Friday, September 19, 2008

Record distance for gamma ray burst: redshift 6.7!

GROND, the Gamma-Ray Burst Optical Near-IR Detector sitting behind an old 2.2-meter telescope in Chile, on September 13 has found the most distant gamma-ray burst ever detected. Alerted by the Swift satellite, the unique instrument taking images in 7 different colors obtained a rough redshift only minutes later, which was confirmed 1½ hours later with the Very Large Telescope. At a redshift of 6.7 GRB 080913 occurred less than 825 million years after the Universe began, and the star that popped off this shot seen across the cosmos died when the Universe was less than one-seventh its present age. The most distant GRB before had a redshift of 6.3 and was was 70 million light years closer to us. • And another astrophysics record of some importance: the least luminous galaxy is the dwarf Segue 1, full of dark matter.

In other news a sensational new image composite of the 1 August TSE has been released by M. Druckmüller, showing coronal streamers for 20 solar radii and many stars, including the Beehive cluster, in the background. • Tonight the Moon once more occults the Pleiades, in Europe only on Saturday morning. • The evening planets as seen from Oz in mid-September.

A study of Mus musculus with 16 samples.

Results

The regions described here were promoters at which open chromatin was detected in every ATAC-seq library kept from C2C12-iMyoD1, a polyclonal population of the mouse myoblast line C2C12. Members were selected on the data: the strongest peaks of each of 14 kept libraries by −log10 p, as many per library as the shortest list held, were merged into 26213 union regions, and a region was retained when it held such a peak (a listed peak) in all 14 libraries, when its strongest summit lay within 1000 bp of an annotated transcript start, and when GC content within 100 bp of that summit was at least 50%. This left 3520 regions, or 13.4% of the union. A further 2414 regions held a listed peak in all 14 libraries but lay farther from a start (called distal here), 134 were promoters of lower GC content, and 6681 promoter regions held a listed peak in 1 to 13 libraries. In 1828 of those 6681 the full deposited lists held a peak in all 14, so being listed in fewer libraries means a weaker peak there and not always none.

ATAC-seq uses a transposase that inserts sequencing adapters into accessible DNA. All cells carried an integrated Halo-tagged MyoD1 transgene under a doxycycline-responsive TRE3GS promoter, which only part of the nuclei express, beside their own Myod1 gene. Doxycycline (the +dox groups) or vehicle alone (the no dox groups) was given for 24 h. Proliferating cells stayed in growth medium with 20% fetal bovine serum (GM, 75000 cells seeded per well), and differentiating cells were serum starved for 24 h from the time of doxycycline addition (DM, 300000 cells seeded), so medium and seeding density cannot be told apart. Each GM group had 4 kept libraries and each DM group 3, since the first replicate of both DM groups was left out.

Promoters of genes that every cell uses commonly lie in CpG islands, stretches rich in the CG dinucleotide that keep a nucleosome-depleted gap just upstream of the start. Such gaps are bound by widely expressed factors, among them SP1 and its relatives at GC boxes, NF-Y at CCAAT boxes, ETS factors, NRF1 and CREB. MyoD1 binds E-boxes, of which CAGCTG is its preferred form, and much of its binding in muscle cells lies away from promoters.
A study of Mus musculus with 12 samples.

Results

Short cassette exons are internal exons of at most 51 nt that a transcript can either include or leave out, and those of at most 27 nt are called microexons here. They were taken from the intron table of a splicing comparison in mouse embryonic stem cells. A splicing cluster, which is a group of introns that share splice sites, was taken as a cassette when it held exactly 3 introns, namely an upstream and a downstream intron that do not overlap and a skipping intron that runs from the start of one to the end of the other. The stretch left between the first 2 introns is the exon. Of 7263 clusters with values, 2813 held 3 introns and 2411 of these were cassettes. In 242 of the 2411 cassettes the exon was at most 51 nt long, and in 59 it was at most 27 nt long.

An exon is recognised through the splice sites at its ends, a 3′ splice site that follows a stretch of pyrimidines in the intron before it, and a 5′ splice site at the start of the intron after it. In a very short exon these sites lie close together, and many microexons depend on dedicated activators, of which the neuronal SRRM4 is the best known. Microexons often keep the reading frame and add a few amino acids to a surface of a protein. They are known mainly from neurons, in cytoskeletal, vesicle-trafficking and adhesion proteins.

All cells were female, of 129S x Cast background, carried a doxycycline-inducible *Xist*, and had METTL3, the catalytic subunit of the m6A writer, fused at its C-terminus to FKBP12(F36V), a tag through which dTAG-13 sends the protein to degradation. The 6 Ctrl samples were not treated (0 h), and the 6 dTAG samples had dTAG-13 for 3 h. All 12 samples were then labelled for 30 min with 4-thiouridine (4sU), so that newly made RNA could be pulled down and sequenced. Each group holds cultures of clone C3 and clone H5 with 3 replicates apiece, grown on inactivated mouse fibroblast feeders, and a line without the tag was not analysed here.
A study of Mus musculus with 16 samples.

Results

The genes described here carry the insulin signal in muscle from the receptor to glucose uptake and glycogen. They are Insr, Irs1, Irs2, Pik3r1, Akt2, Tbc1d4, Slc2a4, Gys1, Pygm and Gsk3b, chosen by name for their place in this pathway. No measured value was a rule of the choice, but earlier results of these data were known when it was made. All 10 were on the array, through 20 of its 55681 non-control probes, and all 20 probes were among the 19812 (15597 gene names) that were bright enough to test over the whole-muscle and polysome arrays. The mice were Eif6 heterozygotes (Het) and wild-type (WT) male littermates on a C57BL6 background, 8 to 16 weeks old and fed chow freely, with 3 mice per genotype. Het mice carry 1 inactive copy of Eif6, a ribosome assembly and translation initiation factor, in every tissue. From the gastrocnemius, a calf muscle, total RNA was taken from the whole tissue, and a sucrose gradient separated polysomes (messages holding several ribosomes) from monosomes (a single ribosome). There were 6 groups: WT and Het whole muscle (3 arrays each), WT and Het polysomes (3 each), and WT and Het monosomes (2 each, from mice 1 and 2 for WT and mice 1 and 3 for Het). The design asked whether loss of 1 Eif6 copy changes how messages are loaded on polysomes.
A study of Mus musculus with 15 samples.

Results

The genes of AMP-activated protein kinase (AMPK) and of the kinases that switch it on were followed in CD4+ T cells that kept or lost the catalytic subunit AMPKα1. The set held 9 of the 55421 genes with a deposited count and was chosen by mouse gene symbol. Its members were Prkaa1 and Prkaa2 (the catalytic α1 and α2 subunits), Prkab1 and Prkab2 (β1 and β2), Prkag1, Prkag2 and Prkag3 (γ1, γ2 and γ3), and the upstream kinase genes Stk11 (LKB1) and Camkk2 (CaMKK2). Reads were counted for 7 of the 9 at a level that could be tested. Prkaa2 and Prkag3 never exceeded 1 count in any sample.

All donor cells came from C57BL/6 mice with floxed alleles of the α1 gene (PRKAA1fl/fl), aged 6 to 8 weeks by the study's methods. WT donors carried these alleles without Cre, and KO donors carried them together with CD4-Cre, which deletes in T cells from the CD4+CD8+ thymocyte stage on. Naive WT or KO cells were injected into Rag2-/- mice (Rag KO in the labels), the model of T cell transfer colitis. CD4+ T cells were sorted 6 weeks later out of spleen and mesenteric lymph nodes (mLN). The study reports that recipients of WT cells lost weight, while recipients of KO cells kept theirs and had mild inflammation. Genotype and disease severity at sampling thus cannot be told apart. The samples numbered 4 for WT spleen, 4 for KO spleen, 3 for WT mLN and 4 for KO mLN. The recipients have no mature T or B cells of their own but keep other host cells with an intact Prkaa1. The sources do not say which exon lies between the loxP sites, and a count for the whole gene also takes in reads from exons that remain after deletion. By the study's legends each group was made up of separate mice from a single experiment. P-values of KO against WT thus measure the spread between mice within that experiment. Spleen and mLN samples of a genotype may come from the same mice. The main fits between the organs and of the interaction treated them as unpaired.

• Comet Lulin on the 17th - and new page on all comets in the sky right now and how easy or hard they are. (This and this catalog are excellent additions.) • Two bright sun dogs today. • A political article on light pollution as an overlooked environmental problem. • The ISS transiting the Moon and in much detail. • And ... it's alive: ISEE 3 alias ICE, the first spacecraft to visit a comet. Which was in 1985, already in an extended mission!